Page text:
You look at your 401(k) statement every quarter and you get your taxes done yearly. Maybe you even signed up to buy some life insurance through your job. That seems like enough money decisions, or at least as much as you want to wrap your head around.
Chances are you—like many people—are a money avoider.
Avoiders earn their titles through experience. Perhaps you grew up without financial awareness, so anything even remotely smelling of money becomes unbearably large and unmanageable. After all, if you don’t know something, your mind is free to allow your imagination to conjure up a problem of T-Rex proportion. Everyone knows you don’t mess with a T-Rex, so running and hiding MUST be better.
Sometimes, life intervenes. It’s busy, crowded with stuff that creates overwhelming pressure. Work, family, social obligations eat up your time, let alone setting aside some space for fun or exercise. There’s just no time to sit and focus on your finances. When was the last time you heard someone say, “I know there’s a football game on, but I’d rather analyze my spending patterns”? Exactly.
Luckily, there’s help for the avoider. If you would rather knit booties for frogs than tend to financial matters, these tips are for you.
1. Create a list of things that feel important. On your list, record why it matters to you. For example, if you have children—what is most important if you’re suddenly not there? What if you suddenly fall ill and can no longer work?
2. Contact NAPFA (National Association of Personal Financial Advisors) and find a fee-only planner to help guide you.
3. Pick ONE (and only one) item at a time and put it on your calendar. Think of it like an appointment with your doctor—you may not WANT to go, but you need to be there. Each item needs some of your time and focus to fully evaluate your options and make the right decisions.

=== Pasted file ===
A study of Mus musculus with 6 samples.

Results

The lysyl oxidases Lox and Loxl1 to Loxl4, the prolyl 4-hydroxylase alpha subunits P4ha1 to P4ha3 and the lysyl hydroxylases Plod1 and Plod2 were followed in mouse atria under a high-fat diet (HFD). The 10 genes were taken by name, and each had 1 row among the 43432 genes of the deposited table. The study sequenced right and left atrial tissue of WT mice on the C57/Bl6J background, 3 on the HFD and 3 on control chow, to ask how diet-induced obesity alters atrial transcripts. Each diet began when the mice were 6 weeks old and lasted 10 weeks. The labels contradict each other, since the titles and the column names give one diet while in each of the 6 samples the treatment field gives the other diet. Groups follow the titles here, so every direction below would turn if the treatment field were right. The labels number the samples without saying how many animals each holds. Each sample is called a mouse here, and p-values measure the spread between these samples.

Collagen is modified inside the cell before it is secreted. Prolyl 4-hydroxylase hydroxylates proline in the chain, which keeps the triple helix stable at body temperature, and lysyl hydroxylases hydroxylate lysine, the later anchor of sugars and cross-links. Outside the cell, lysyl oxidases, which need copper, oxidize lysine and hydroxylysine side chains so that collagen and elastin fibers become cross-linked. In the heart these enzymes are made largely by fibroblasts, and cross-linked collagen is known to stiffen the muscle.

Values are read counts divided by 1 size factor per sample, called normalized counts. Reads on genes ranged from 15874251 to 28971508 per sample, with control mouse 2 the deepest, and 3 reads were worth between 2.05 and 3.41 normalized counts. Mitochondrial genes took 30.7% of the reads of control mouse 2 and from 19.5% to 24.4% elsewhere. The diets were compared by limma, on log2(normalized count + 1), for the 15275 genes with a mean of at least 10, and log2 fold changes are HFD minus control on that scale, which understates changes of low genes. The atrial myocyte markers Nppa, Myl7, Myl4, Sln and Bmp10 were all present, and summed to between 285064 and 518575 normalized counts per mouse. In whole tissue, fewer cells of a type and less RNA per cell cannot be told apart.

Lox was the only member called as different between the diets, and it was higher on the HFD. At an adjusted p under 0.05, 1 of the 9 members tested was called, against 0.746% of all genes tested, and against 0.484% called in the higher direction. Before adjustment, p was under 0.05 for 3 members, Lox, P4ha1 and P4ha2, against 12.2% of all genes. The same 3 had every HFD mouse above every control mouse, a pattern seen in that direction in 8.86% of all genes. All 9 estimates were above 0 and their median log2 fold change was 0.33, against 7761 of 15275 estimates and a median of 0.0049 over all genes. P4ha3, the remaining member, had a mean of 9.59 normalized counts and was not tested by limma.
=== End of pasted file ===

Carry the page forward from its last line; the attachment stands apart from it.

4. While there’s a lot information available online, make sure you understand the source before putting too much stock in it. If you are looking for life insurance or investment options, make sure you are not getting just one company’s point of view.
5. Keep in mind that each item that you resolve—however small—is a step in the right direction. Maintain an “eating the elephant” mindset. You can’t do it in one swallow, but a lot of small bites will do the trick.
6. Reward yourself for each success. No one’s saying you should go shopping at Tiffany’s because you bought renter’s Insurance or balanced your checkbook, but small rewards go a long way to fuel your progress.
7. If you have a family, make it a group discussion and look for opportunities to bring everyone together to help. Whether it’s looking for coupons online or obtaining doing basic research, take advantage of others’ willingness to help wherever possible.
There’s great benefit from accomplishing something you’ve been avoiding, as any successful coach will tell you. The best part? Each step forward that you take fuels the next one. You’ve got this.